Actuarial gains and losses: To defer or not to defer?

Unlike many other entities, Canadian public sector entities recognize actuarial gains and losses arising from defined benefit pensions over time. The Public Sector Accounting Board (PSAB) is evaluating this practice and wants your input.

Deferral and amortization no longer common practice

Recognizing the differences between actual experience from assumed, and any changes in actuarial assumptions over an extended period, was once a common practice in pension accounting.

Many accounting standard-setters have moved away from this practice in the past 10 years or so for the following reasons:

  • Actuarial gains and losses arising from pensions are no different from changes in other accounting estimates. They should be recognized when the changes arise.
  • When some gains and losses are not recognized, the net pension liability or asset reported in the balance sheet does not represent the obligation or asset of an entity. In some circumstances, a net pension asset may be reported even when the plan obligations exceed its assets.
  • The pension expense, consisting of amounts arising from current period activities and the amortization of amounts deferred in prior periods, can be difficult to understand.

To defer or not to defer

While others have come to their conclusions, whether actuarial gains and losses should continue to be deferred and amortized is a subject of debate in the Canadian public sector.

Potential consequences of not deferring

Many worry about the potential consequences if actuarial gains and losses are recognized in annual surplus/deficit when they arise. The differences in compensation between public and private sector employees, primarily due to the promise of a defined benefit pension, has been highlighted in the media in recent years. Removal of the deferral and amortization treatment for actuarial gains and losses may result in higher pension liability and cost reported in bad years, and more fluctuations in the bottom line of public sector entities. This could create further public pressure on public sector entities to move away from providing defined benefit pensions to their employees.

Arguments for deferring

Some argue that the presumption of perpetuity of governments and their power to tax suggest that there is less need to reflect all the changes as they arise. After all, pension obligations are settled over a long period and plan assets are invested for the long term.

Many changes are tentative. Gains and losses may be reversed or offset in subsequent periods. Reflecting them when they arise as if they were “real” may create unrealistic expectation and pressure for new spending in the good years and suboptimal decisions in the bad years.

Arguments against deferring

Others believe that smoothing the effects of actuarial gains and losses over an extended period does not provide taxpayers with relevant information about the affordability of defined benefit pensions and sustainability of public service.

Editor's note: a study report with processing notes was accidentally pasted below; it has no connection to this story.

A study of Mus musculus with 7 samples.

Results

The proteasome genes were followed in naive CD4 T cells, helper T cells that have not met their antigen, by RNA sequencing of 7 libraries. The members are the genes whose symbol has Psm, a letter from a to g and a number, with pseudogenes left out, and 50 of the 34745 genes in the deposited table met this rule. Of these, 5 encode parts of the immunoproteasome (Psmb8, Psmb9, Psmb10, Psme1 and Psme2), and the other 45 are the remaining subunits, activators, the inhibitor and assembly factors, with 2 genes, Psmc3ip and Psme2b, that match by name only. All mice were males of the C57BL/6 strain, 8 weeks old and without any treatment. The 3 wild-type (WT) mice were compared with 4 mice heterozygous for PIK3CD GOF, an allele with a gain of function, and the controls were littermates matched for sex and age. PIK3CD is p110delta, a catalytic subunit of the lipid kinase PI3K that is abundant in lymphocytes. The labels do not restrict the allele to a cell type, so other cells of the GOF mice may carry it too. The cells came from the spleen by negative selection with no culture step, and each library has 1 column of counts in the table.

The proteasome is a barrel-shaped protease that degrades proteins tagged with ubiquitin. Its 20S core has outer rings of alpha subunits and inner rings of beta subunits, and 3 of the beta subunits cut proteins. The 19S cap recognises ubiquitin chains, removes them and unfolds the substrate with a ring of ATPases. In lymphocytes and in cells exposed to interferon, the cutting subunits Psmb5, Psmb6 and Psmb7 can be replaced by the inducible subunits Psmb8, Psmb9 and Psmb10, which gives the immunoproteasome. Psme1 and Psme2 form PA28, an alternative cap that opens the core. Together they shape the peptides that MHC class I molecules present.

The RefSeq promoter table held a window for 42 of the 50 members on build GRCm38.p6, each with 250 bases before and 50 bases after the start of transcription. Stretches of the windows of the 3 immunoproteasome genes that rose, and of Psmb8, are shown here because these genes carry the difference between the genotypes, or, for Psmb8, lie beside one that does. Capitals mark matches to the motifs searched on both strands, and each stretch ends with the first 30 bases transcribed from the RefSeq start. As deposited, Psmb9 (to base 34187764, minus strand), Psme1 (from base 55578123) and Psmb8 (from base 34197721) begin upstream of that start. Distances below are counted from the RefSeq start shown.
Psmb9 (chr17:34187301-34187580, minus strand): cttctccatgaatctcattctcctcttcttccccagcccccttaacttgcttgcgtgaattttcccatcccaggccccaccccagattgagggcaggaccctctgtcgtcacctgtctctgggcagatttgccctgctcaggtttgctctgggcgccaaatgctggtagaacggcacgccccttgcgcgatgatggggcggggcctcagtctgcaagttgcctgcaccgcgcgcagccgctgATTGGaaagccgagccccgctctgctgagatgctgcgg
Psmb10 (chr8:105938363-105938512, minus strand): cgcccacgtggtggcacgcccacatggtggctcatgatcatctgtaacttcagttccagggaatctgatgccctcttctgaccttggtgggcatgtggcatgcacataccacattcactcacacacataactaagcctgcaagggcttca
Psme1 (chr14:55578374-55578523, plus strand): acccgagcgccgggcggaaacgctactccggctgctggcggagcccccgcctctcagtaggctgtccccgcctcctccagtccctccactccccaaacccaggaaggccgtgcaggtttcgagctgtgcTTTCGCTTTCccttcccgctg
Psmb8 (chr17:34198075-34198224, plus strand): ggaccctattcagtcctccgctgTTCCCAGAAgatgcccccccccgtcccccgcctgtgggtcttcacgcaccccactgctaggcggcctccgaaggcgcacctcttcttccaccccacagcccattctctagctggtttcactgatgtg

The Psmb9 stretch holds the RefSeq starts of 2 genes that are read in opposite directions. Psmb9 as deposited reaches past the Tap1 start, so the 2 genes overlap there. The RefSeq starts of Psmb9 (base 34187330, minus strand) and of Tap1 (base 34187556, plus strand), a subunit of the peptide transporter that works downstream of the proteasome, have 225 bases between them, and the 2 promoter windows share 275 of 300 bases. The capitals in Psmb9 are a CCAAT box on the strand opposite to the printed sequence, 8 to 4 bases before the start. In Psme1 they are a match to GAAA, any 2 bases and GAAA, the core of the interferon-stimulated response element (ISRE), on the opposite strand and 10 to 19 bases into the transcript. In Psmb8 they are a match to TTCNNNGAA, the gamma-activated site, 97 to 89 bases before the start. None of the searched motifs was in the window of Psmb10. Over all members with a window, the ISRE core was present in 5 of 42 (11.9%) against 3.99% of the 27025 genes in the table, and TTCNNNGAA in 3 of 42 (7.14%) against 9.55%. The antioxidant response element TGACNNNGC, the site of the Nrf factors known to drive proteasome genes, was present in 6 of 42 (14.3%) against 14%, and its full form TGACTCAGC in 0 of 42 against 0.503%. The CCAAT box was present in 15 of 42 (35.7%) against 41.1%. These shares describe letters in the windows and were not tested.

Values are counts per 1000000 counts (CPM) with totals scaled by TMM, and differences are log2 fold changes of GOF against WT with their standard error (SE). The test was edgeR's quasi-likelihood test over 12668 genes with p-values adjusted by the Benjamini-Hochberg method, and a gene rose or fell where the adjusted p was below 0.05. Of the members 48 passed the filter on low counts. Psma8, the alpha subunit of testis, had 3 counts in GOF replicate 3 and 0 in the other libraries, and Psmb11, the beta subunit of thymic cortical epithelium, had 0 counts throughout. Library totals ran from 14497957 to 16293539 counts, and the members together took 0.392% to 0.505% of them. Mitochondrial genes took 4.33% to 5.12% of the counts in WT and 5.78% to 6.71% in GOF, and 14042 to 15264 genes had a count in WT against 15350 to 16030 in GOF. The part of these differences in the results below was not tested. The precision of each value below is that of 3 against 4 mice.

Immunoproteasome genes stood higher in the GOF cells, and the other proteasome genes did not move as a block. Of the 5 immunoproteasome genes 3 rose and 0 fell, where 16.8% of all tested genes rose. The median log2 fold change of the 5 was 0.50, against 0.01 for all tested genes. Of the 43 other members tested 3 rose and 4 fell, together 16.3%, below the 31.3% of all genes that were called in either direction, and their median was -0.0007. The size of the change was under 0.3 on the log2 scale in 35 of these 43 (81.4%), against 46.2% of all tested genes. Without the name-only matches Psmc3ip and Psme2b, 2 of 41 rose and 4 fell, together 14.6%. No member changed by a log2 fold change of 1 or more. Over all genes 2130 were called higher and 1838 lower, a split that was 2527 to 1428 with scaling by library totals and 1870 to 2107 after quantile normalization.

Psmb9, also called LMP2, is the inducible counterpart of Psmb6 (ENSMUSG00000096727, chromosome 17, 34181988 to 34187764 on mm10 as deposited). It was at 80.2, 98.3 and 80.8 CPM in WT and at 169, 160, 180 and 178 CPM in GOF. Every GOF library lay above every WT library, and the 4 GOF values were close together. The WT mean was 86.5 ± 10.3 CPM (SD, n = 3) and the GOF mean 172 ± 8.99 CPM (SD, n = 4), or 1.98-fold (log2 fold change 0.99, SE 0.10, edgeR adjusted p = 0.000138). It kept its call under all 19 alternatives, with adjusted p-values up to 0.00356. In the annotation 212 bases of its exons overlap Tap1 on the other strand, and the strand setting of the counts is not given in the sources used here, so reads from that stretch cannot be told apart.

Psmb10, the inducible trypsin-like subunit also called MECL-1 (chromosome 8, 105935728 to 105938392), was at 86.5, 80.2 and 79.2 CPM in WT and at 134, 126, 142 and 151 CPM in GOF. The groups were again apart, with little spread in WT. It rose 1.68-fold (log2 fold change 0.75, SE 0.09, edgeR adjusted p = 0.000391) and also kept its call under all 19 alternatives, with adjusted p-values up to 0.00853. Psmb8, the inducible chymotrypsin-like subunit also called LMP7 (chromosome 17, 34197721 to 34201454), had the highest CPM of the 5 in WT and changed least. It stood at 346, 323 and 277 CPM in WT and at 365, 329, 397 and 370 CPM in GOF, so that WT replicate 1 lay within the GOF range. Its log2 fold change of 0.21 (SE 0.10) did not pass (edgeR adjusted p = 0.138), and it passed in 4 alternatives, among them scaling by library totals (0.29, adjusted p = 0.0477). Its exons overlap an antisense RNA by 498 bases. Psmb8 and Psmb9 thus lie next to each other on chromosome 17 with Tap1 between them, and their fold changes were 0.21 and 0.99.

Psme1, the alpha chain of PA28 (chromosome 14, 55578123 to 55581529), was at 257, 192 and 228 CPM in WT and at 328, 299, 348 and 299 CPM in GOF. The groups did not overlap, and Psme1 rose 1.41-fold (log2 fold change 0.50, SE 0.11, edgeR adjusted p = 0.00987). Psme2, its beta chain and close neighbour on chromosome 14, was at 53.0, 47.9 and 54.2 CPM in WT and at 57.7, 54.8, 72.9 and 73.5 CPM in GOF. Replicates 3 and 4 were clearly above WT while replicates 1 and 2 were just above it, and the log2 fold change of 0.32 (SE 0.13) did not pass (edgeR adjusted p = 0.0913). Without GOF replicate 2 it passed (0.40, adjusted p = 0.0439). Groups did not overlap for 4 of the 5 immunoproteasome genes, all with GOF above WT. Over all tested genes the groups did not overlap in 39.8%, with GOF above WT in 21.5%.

Governments are not immune to the challenges facing private sector employers. They operate in the same economic and general environment, such as historically low interest rates, market volatility, increasing life expectancy and aging membership.

Reporting volatility as it arises, even if some may be of a tentative nature, provides transparent information about the cost and risk related to the benefit promised to public sector employees. This information is needed to hold public sector entities accountable for their decisions.

Components approach informs deferral debate

To facilitate an evidence-based debate on this highly controversial topic, PSAB took a components-approach to look at the actuarial gains and losses in its Invitation to Comment, Employment Benefits: Deferral Provisions in Sections PS 3250 and PS 3255.

The components of actuarial gains and losses include changes in the actuarial assumptions (such as demographic, discount rate and other economic assumptions) as well as adjustments to reflect the actual experience. The Invitation to Comment discusses the nature of each component of the actuarial gains and losses and the reasons for their changes. The objective is to inform a meaningful discussion on whether the deferral and amortization treatment for each component of the actuarial gains and losses remain appropriate and justified.

Assumptions tend to be stable

Given the inherent nature of any forecast, actual experience usually differs from assumed. However, except for the discount rate assumption that can change from year to year depending on the economic and market condition, demographic and other economic assumptions usually do not change significantly from year to year.

People tend to live longer. Such expectation based on historical pattern is usually incorporated into the mortality assumption. Other employee behaviours are more stable. The retirement pattern of employees of an entity generally does not change unless the entity, for example, introduces changes in the eligibility to early retirement.

Other economic assumptions can be affected by general economic conditions but long-term inflation, a common element of all economic assumptions, has been quite stable. Inflation in the Canadian economy has mostly been within the Bank of Canada’s one to three per cent target range in the past 20 years.

Defer or not — which way to go?

The Invitation to Comment identifies the following three possible ways to recognize each component of the actuarial gains and losses:

  1. recognize in annual surplus/deficit when gains and losses arise
  2. do not recognize in annual surplus/deficit at all
  3. recognize in annual surplus/deficit in subsequent periods

What do you think?

You can participate in this debate and influence PSAB’s deliberations on this issue by responding to the Invitation to Comment by March 3, 2017.